These problems occur when you have two points that both have a 'ground' connection, yet those grounds are at different potentials. This potential difference:
The magnitude of these problems varies by the type of situation. An acceptable situation is to have a dimmer pack with a well grounded input socket, and a console with a well grounded output socket. Provided that the potential difference between these two grounds (and hence the devices) is zero, the no current will flow.
But why should there be a potential difference between two points both called 'ground'. Isn't a ground a ground?
The simple answer is no.
The worst possible case is when the camlocs on the dimmer rack get connected incorrectly, such as the ground post is connected to a live source, making the case of the dimmer rack (ie the dimmer rack's idea of "ground") live. Sure, this is a cockup, but can happen, and is a true nightmare (This is why many hire companies put the earth camloc on the other way round to the phases and neutral). In a fully rigged show, there should be enough bonded ground points to blow the breakers instantly.
Now imagine a rack that as of yet has no loads connected to it; just the incorect mains connection (making the case live). Now imaging plugging into that rack a DMX512 connector which has a 'true' earth connection at the other end of 70 meters of cable, connected to that plug in your hand. You insert that connector, what will happen?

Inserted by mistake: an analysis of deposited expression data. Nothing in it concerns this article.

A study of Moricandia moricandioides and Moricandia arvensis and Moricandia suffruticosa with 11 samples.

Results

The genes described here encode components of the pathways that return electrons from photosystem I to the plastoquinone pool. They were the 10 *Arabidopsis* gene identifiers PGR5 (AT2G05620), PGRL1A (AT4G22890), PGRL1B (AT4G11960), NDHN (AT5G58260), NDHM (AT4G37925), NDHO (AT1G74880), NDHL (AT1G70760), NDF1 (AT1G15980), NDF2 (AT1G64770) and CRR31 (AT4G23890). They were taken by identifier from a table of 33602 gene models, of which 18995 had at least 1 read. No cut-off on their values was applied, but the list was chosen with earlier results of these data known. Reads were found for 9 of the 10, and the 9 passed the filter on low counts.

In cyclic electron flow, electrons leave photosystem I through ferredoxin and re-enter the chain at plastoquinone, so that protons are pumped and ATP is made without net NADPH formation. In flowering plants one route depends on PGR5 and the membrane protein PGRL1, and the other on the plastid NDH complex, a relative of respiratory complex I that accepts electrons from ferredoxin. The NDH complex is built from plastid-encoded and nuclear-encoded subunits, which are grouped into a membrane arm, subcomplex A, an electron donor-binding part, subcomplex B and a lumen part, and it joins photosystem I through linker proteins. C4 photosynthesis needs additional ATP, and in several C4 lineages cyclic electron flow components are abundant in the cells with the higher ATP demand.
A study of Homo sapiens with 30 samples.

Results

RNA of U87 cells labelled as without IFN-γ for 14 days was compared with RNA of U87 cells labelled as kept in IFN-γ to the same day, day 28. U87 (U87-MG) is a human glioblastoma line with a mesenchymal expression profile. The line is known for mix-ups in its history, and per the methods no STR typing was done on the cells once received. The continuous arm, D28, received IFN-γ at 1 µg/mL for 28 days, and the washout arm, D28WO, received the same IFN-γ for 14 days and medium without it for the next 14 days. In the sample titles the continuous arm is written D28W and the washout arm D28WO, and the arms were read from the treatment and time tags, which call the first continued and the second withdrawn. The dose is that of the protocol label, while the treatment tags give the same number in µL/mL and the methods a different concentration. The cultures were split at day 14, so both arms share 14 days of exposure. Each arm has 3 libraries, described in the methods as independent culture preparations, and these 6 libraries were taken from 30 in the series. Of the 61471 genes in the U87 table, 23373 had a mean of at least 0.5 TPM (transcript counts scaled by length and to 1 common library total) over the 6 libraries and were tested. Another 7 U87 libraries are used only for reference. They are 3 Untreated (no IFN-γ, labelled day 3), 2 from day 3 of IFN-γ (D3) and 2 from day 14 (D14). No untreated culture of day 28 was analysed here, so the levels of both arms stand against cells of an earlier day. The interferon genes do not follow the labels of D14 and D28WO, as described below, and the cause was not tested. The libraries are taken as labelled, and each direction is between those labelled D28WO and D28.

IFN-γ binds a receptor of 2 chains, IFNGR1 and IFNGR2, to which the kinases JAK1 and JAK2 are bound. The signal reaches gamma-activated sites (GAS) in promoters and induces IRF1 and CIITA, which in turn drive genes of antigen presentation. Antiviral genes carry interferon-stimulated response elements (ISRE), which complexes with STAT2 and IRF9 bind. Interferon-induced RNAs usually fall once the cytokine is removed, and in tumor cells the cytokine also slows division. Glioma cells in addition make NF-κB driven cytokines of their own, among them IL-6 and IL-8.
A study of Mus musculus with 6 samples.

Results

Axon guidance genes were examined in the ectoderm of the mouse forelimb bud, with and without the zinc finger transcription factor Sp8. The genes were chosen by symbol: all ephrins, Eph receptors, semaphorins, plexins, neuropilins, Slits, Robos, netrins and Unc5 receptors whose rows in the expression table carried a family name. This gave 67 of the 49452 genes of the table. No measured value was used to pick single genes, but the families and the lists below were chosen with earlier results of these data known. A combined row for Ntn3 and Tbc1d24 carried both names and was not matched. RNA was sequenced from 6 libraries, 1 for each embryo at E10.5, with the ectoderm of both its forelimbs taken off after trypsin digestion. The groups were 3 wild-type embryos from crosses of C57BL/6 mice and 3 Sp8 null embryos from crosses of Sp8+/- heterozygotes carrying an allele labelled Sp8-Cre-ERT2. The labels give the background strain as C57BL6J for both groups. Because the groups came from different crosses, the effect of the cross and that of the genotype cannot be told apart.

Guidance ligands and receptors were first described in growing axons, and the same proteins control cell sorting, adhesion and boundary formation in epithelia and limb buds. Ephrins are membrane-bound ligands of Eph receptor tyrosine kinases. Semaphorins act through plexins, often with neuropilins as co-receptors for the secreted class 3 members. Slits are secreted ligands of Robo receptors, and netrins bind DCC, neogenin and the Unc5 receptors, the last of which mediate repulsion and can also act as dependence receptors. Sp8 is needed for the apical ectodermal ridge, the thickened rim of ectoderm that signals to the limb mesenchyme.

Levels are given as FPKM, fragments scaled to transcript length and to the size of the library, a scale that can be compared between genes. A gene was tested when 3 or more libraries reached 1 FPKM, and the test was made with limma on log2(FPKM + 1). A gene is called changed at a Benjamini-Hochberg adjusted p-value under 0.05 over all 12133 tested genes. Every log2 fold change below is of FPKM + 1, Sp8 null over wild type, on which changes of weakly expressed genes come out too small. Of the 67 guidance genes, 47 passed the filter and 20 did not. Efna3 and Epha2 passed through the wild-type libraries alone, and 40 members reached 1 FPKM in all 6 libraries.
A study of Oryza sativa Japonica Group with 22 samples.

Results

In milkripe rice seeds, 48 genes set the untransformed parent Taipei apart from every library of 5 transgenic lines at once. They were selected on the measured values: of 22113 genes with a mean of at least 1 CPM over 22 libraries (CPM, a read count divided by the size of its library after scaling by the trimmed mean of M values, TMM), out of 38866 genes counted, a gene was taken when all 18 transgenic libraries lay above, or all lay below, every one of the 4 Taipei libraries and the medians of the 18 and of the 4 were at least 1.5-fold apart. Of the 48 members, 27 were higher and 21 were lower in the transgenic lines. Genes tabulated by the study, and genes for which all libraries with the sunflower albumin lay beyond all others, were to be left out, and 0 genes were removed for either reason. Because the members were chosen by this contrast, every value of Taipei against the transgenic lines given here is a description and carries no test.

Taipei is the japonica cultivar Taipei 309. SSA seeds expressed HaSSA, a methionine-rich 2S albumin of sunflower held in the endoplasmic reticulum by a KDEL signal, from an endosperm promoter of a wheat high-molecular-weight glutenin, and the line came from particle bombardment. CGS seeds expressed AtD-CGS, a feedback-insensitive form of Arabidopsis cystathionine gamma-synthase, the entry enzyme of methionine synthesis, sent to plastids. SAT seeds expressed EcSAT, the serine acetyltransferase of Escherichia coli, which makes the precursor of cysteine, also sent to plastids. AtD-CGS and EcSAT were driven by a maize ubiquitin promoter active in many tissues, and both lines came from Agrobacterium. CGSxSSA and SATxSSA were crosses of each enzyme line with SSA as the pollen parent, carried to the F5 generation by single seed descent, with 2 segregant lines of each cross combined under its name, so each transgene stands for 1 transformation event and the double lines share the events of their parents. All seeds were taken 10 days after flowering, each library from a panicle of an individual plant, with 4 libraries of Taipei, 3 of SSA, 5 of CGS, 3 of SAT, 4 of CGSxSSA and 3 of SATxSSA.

Bad things, thats for sure. What you have here is a short circuit with hundreds of volts across it. The weakest point will become the fuse, and it will "blow". What could that fuse be? Possibilities include:
None of these possibilities are appealing. Therefore it follows that precautions have to be taken to prevent this sort of thing happening.
However, all these nightmares are worst case scenarios, that don't crop up every day. More common cases is where there is just a few volts between the mains sockets in the lighting booth, and the on-stage power. This few volts will cause a current to flow, which may be enought to warm the cable, or could just cause interference to the DMX512 signal, making your lights flicker or your mirrors waggle.
The same steps you take to ensure you (and your show's) safety will actually improve the performance of your DMX512 network, and this will often be noticeable to the show's audience.